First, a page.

Buying insurance can be as simple as contacting an insurance broker, obtaining quotes and signing on the dotted line. But when it comes to understanding your business insurance policy and what it covers, it can be much more complicated. At Fuse, we want to simplify and speed up the process of obtaining business insurance. Our goal is for you to gain a better understanding of what you’re buying so that you can be confident that you’re getting the protection you need. The terms below are some that you may commonly find when you are looking for an insurance quote or reviewing your policy for your business.
Actual Cash Value (ACV)
This is a method of valuing insured property. ACV is the value of property that is the same age, and in similar condition to the property or item that was lost or damaged. The value is determined by subtracting depreciation from the replacement cost. This is often defined as “fair market value”. Learn more about actual cash value.
An additional insured refers to anyone that is added and named on your commercial insurance policy. Anyone who is named as an additional insured will also be covered under your policy. The additional insured’s protection may be more limited than the policyholder, so it is best to ask your broker about coverage under your policy.
The aggregate limit is the maximum amount your insurer will pay for all claims during your policy period (usually one year).
A binder is a document that serves as your temporary proof of insurance until your formal insurance policy is issued.
Certificate of Insurance (COI)
A COI is a document that summarizes your insurance coverage and serves as proof of your insurance policy. It can be shared with clients, partners, investors or landlords to show that you are insured.
The coinsurance clause requires the policyholder to carry a limit of insurance equal to a specified percentage of the total value of your property. The standard percentage is usually 80%, but can also be 90% or 100%. It is usually found in the policy conditions section of your commercial property policy. Learn more about coinsurance.
A deductible is the amount you’ll pay out of pocket on a covered claim before your insurance kicks in and covers the remaining amount, depending on your policy limits.
An endorsement is a modification to your existing insurance policy – whether that is an addition, removal or other change that alters the terms of your original insurance policy.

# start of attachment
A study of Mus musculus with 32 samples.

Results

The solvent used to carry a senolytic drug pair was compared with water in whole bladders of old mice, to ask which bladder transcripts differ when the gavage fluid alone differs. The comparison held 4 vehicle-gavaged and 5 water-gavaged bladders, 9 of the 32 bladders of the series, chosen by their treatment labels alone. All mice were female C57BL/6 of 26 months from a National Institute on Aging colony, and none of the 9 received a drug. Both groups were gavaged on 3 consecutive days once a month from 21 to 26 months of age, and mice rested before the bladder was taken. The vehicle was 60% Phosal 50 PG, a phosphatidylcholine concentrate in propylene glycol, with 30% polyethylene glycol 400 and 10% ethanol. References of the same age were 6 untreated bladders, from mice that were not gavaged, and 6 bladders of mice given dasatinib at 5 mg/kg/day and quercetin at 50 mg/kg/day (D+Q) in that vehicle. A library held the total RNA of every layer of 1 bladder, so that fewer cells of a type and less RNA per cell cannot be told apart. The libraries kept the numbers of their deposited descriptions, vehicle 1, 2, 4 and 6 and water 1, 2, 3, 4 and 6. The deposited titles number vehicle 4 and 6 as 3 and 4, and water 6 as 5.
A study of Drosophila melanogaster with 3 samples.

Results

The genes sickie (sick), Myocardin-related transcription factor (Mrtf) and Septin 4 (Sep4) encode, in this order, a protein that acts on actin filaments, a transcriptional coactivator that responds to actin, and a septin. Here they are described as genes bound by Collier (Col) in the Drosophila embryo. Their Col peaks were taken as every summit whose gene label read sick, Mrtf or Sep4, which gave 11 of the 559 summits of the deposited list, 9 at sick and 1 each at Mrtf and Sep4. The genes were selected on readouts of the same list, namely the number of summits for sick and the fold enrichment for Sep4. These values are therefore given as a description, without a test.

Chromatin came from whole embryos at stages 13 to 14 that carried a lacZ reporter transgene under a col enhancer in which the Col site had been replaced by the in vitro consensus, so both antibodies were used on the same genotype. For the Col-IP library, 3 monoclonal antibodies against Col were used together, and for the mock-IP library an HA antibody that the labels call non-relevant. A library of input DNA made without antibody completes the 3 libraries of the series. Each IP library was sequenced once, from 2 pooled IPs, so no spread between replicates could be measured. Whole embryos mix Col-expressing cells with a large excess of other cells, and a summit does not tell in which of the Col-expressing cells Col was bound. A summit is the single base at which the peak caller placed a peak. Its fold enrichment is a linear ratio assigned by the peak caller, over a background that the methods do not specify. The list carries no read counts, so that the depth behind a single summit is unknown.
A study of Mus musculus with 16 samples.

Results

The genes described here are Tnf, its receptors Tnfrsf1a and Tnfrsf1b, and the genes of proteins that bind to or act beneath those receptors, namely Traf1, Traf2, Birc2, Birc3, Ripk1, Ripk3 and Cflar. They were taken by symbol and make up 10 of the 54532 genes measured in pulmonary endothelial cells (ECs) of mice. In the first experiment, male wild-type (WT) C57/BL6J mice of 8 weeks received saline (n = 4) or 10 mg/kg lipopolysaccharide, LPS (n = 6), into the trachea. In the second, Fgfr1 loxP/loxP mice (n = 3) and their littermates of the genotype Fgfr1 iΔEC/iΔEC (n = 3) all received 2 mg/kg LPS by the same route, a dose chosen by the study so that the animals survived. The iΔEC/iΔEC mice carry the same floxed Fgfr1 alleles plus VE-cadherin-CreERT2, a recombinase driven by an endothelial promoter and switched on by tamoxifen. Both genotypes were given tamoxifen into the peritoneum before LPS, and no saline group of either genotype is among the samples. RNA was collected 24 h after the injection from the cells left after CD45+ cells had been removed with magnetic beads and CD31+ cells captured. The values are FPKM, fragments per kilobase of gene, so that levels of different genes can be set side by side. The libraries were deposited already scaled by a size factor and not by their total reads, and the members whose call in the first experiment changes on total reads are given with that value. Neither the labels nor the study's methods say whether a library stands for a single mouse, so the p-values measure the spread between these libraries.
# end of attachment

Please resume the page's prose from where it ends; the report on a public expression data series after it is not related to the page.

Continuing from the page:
An exclusion is a statement found in your insurance policy that lists anything not covered by your insurer. This could include perils, hazards, circumstances, or property that are not covered under your insurance policy.
The person or business that is named in your insurance policy and is covered by your policy. You can usually find this on the first page of your policy documents.
The maximum amount your insurer will pay for all claims resulting from a single incident or covered loss under your policy.
The amount you will pay for your insurance coverage. In other words, the premium is what you pay insurance companies in exchange for coverage for your business.
This is a method of valuing insured property. Replacement cost is the cost to repair or replace an item brand new with no deduction for depreciation. Learn more about replacement cost.
Third-Party Bodily Injury or Property Damage
The third-party liability portion of your insurance provides protection for your business in the event you are held responsible for physical injury or damage to others (known as the third-party) or to their property.
We hope these terms help you make informed decisions when reading through your insurance documents and discussing your business insurance policy. If you’re ready to get started on your quote now, you can do so by using our online quote application. If you have questions or would like to speak with one of our brokers, call 1-866-387-FUSE (3873) and we would be happy to assist you.